72

by Keystone

Seven Horrible Words

"I need your help buying a computer."

You'd think I'd like to hear those words. Instead, they typically strike fear and loathing in my heart. They make me want to run the other direction at full speed.

"Why?" You might ask? Allow me to explain.

Anyone who asks this question typically isn't looking for a realistic solution. Usually they're seeking some under-the-table once-in-a-lifetime steal-of-a-deal that they're convinced everyone else is getting. They want in the club. They want to pay $400 for a $1,200 computer.

Please allow me to let everyone down simultaneously. Those deals don't exist. You aren't going to game the system. I'm not the doorman at the secret kick-ass computer discount club. A $400 computer is exactly that. It's not a deal. It's a sucker's bet. You think you're going to be able to turn that $400 computer into a five year workhorse. The merchant knows it's a one year albatross and eventual (sooner rather than later) doorstop-slash-boat anchor.

It works like this: My friend, let's call him "John," asks me to help him buy a computer. I'm happy to help anyone buy a computer. What I'm NOT happy to do is endorse John's purchase of a lump of crap that only looks like a computer.

So John comes to me and says, "what would you suggest I buy?" When I suggest that he spend the money that it takes to secure a business-class computer that will keep him happy for three or four years...something he'll use every day to make money in business...he shows me his cards.

"But...but...Best Buy has computers for $400!" Yes, John, they do. John, what kind of car do you drive? "Uh...what does that have to do with this conversation?" It has EVERYTHING to do with this conversation.

Nobody buys a Kia Rio for $4,000 and expects it to run like an S500 Mercedes. Yet somehow, because all computers essentially look the same, people think they can purchase a $400 computer (that doesn't have Microsoft Office, doesn't have a warranty, but does have a slow, third-rate processor) and have the same experience as the guy who just bought the Mercedes.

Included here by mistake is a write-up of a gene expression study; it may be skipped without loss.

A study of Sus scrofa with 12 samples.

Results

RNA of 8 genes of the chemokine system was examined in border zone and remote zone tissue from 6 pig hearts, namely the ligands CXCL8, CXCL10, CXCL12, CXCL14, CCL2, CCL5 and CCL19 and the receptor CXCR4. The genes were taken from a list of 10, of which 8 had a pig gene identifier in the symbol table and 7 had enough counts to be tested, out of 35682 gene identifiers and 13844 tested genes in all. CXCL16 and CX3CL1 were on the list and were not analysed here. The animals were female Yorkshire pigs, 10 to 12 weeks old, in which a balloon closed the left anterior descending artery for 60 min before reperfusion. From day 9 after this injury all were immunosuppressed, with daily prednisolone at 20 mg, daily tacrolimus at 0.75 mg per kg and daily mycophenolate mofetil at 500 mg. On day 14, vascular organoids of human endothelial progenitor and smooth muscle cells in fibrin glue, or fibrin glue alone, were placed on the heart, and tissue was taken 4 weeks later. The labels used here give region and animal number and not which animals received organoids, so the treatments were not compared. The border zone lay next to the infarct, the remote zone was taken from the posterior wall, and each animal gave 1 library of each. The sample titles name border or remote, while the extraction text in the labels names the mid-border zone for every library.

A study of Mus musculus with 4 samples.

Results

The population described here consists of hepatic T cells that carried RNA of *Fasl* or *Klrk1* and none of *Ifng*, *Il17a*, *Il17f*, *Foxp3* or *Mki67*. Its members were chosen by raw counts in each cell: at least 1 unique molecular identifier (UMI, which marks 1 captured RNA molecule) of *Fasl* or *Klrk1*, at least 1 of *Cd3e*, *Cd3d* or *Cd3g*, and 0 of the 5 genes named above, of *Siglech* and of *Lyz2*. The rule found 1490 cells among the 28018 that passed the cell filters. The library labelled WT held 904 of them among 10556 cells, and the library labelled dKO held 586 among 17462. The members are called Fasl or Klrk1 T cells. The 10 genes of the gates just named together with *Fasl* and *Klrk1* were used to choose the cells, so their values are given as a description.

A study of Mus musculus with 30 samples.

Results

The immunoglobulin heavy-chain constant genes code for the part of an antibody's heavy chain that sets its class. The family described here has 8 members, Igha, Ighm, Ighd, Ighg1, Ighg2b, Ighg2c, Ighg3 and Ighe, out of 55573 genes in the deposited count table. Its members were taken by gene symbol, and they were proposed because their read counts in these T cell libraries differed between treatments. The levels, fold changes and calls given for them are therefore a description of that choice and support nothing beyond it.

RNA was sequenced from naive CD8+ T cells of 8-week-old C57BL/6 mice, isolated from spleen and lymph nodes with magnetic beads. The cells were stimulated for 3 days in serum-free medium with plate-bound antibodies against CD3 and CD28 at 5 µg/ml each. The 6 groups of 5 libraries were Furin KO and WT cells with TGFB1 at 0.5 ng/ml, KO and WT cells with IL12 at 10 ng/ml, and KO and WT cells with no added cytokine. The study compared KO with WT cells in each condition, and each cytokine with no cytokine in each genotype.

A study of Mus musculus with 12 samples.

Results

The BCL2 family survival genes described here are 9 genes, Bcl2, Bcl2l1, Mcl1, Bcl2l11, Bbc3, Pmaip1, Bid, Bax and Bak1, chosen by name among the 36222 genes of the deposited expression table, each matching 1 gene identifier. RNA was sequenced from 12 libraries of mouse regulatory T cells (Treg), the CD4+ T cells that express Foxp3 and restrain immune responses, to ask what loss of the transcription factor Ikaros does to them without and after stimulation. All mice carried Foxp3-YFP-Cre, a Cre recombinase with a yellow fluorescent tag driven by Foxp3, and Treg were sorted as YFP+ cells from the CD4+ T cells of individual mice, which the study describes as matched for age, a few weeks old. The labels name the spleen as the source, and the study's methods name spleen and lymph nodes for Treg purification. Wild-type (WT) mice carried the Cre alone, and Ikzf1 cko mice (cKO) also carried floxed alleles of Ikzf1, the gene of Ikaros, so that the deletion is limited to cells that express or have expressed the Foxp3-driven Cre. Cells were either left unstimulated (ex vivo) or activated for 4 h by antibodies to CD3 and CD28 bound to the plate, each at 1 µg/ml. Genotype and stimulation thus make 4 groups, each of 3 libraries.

Let me assure you: IT DOES NOT WORK LIKE THAT.

Pro Tip: If you're going to be in business, buy appropriate tools.

You're not going to drive the green and win the Masters with a persimmon wood driver made in 1974. It doesn't happen. You're not Happy Gilmore. You're not going to get a fast, efficient, business-class computer for peanuts. It doesn't happen...unless it's stolen.

Now, what happens next is John ignores my advice, buys the disaster of a computer and proceeds to tell me that Windows must be the problem. And now John is going to buy a $1,500 Apple MacBook Pro. Do you see what just happened here? It's Microsoft's fault that I told my friend John - who is a total assclown - to buy a good piece of hardware and instead he chose to ignore my advice. If only he could get his hands on Bill Gates...

So after spending untold time, effort and money screwing around with a $400 piece of hot garbage, John the clown decides to go out and spend four times as much on a great piece of hardware (which is what I told him to do) that unfortunately runs an operating system he has absolutely no idea how to use.

Don't be John. Put your big boy pants on and spend what it takes to get a real computer, please. And don't take this as an attack on Apple. I don't care if you want to use a Mac. Just don't think that they're free of problems. If the business world ran on Macs, I guess my company would be doing Apple consulting. It doesn't and I'm not.